Editorial: Our rivers don't have to be deadly

Published: Tuesday, Jun. 4, 2013 - 12:00 am | Page 10A
Last Modified: Tuesday, Jun. 4, 2013 - 8:15 am

Summer doesn't start for more than two weeks, but temperatures are rising, the cool waters of area rivers and lakes are beckoning – and, unfortunately, young people are already drowning.

The tragic truth is that many of these deaths are preventable.

That's why Matt Weiser's report in Monday's Bee was so disconcerting. On Saturday, a 16-year-old boy apparently drowned at Sand Cove Park, a popular but dangerous spot on the Sacramento River off Garden Highway. Sunday, when Weiser went there, he found that the vast majority of children wading or swimming were not using any kind of life preserver.

At many riverfront parks in Sacramento, life jackets are available to borrow for free, provided by Sacramento's volunteer Drowning Accident Rescue Team and other groups.

The loaners are not at Sand Cove Park, however. That oversight needs to be remedied quickly.

According to city and county ordinances, it's a misdemeanor – carrying a fine of as much as $500 – for parents or guardians to let a child under 13 swim in public waters without a life preserver. Enforcement, however, is not strict and has suffered as tight budgets cut park rangers and other officers.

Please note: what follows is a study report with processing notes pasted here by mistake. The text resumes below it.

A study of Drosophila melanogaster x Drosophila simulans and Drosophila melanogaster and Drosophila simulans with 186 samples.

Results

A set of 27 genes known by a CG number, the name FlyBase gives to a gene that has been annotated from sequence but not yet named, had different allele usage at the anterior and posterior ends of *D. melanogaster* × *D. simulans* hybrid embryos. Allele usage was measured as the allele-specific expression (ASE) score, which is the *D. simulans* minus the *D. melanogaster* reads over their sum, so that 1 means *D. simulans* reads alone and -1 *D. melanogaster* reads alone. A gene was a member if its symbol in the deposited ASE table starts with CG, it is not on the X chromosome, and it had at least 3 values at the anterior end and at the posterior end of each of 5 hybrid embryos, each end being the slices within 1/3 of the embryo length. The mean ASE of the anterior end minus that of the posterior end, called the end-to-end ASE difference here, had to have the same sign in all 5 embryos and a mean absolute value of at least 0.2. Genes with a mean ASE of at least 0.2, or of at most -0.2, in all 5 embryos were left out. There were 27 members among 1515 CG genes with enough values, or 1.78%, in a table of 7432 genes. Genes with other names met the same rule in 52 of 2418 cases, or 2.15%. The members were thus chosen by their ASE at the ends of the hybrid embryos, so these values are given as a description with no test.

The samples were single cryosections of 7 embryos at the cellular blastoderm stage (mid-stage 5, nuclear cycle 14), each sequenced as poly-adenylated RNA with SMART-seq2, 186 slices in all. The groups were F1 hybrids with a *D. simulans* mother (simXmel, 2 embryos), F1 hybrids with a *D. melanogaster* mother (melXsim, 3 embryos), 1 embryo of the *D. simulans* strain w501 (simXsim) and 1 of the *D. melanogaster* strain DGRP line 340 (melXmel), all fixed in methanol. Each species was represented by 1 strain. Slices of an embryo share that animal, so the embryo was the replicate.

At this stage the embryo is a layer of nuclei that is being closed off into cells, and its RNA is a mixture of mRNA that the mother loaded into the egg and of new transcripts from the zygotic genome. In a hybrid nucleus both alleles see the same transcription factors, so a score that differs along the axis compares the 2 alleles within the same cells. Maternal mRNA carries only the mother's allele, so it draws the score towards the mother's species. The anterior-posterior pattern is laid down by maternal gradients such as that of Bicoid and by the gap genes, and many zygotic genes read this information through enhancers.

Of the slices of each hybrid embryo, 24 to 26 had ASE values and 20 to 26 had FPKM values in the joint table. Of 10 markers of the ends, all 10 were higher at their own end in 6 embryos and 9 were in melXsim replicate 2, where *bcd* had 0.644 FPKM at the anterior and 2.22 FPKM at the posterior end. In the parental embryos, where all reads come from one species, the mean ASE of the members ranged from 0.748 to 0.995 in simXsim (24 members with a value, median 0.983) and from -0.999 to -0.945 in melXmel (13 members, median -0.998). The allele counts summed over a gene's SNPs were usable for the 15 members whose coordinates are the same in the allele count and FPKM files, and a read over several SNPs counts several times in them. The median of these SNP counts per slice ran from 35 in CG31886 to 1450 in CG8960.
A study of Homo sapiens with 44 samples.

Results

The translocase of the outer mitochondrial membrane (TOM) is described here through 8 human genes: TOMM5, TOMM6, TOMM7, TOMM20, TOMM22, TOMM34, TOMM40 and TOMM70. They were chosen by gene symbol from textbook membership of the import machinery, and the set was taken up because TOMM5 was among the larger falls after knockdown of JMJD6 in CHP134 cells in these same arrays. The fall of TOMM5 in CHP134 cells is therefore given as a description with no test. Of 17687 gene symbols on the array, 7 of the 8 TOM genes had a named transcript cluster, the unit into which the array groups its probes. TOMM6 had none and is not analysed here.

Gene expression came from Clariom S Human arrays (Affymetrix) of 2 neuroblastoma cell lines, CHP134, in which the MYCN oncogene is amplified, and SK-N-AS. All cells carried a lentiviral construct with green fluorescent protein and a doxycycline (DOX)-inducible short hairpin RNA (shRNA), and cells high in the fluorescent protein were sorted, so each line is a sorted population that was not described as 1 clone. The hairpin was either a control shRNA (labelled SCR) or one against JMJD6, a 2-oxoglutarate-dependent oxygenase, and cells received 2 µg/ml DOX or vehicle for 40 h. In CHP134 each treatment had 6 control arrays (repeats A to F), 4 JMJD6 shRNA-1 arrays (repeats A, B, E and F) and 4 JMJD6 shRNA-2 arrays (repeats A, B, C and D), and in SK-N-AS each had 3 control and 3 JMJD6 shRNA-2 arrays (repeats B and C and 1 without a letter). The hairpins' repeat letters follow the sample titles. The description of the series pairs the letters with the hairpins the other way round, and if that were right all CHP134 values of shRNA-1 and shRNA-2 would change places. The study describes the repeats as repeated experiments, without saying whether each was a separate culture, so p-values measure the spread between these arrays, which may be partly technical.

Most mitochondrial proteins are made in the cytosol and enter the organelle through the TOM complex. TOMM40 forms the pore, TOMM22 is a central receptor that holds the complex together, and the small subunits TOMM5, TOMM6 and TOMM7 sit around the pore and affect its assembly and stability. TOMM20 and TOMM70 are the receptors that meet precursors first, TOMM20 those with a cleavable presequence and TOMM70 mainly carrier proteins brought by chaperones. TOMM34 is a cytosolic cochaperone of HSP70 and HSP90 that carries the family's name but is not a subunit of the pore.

Each May is Drowning Prevention Month in California, but as safety advocates say, it should be every month. In 2011, 58 California children 5 and under drowned, 30 of them in swimming pools, according to state figures.

Older people can also easily succumb to strong currents and the effects of cold water. Over one weekend last month, a 23-year-old man from Rancho Cordova and a 25-year-old from Elk Grove drowned in separate incidents on the American River.

These drownings likely won't be the last this summer. Several years back, a Sacramento fire battalion chief looked at records going back nearly four decades and found that an average of six people a year drowned in the Sacramento and American rivers. Sand Cove Park was one of the three most dangerous areas, along with the Howe Avenue boat launch and Tiscornia Beach at the confluence of the two rivers, according to the analysis.

One of the great attractions of living here is enjoying the weather with bountiful water recreation opportunities. There's no reason fun in the sun can't also be safe.